Saturday, January 14, 2006

cancer, ovarian

Malignant tumors of the ovary are frequently far advanced when they are first detected and are thus inoperable. It is believed many of these tumors arise from ovarian cysts. The greatest number of patients appear between the ages 50 to 80 years of age, but the peak incidence is about age 77. Usually there are not symptoms with ovarian cancer but some women complain of vague abdominal symptoms for a long time before the diagnosis is made. Pressure on the bladder may occur, leading to frequent urination. It is, therefore, important to rule out ovarian cancer in any woman over 40 years of age, especially if she has a history of multiple spontaneous abortions, involuntary sterility, enlarged abdomen, abnormal vaginal bleeding, or a family history of ovarian cancer.
The ovary is unique in that not only does it give rise to a great number of tumors, but it is the recipient of tumor metastases from other organs. Two of the most common cancers that metastasize to the ovaries are breast and colon cancers.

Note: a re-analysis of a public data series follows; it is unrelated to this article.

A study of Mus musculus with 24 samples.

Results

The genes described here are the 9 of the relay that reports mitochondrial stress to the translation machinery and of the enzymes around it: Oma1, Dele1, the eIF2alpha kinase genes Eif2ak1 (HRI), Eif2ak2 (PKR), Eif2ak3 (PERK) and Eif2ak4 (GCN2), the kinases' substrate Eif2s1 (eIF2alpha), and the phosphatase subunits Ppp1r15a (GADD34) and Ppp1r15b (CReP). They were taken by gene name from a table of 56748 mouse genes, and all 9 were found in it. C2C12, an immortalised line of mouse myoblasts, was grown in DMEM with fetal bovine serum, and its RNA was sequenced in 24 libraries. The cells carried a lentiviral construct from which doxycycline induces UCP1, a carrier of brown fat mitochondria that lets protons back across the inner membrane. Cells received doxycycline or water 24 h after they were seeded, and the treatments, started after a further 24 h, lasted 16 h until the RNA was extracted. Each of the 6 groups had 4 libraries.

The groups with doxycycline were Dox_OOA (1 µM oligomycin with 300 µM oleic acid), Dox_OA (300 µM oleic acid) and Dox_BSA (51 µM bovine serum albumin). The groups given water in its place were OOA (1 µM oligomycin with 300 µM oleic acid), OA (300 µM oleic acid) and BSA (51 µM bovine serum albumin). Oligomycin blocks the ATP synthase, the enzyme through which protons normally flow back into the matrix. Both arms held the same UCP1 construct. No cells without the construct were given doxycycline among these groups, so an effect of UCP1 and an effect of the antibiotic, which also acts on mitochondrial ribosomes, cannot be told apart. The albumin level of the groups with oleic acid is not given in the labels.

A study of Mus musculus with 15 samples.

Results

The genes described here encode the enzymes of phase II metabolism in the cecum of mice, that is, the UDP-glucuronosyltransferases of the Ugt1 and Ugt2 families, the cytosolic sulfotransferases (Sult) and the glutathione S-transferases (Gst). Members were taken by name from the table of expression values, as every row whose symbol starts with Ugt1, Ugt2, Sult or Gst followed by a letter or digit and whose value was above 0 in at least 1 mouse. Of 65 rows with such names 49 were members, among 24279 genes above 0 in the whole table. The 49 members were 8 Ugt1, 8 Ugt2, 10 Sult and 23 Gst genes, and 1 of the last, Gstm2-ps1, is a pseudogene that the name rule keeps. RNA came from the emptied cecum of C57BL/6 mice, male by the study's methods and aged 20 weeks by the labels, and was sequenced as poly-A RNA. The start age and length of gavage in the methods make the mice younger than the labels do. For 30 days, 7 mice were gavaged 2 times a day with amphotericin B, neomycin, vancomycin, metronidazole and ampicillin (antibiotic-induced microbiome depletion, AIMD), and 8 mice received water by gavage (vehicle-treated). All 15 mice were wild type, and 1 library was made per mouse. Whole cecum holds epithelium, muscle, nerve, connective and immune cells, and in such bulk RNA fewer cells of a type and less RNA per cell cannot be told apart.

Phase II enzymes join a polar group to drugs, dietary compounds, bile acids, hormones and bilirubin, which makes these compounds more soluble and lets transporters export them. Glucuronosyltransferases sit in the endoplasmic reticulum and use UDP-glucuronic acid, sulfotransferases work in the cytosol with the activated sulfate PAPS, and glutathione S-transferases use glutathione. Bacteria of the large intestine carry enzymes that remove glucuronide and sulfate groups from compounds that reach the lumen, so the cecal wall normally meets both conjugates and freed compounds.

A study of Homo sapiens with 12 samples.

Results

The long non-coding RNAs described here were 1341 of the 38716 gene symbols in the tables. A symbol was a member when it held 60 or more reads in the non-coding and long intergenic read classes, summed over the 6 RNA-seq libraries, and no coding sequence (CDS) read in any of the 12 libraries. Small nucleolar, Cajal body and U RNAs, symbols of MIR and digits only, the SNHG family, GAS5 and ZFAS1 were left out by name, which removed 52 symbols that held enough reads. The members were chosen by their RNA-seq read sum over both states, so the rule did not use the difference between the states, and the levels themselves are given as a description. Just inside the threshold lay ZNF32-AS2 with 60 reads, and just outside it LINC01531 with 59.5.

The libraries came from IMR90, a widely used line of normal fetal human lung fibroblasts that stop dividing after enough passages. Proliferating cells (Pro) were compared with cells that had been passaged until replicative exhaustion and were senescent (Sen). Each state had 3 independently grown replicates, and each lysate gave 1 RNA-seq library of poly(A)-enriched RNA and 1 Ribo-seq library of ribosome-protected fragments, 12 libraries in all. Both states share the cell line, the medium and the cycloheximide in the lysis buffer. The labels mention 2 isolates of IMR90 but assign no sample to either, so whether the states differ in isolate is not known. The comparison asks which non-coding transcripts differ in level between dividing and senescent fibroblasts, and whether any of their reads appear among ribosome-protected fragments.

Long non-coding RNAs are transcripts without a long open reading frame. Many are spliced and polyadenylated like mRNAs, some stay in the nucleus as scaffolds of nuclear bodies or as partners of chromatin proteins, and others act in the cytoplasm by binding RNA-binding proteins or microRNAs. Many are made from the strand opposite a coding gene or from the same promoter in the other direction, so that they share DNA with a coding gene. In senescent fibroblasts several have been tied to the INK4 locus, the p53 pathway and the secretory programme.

Treatment for carcinoma of the ovary is surgical removal of the uterus, fallopian tubes, ovaries, and appendix. This is commonly followed by chemotherapy rather than radiation therapy. Since many of these patients are elderly, it is important to evaluate the renal function and electrocardiogram before certain drugs are used.
Management of the patient following surgery is similar to that following general abdominal surgery. Since this surgery is usually so invasive, recovery is usually less than 25 percent after five years.
Rossman, I. Clinical Geriatrics, 3rd ed. Philadelphia: J. B. Lippincott Co., 1986.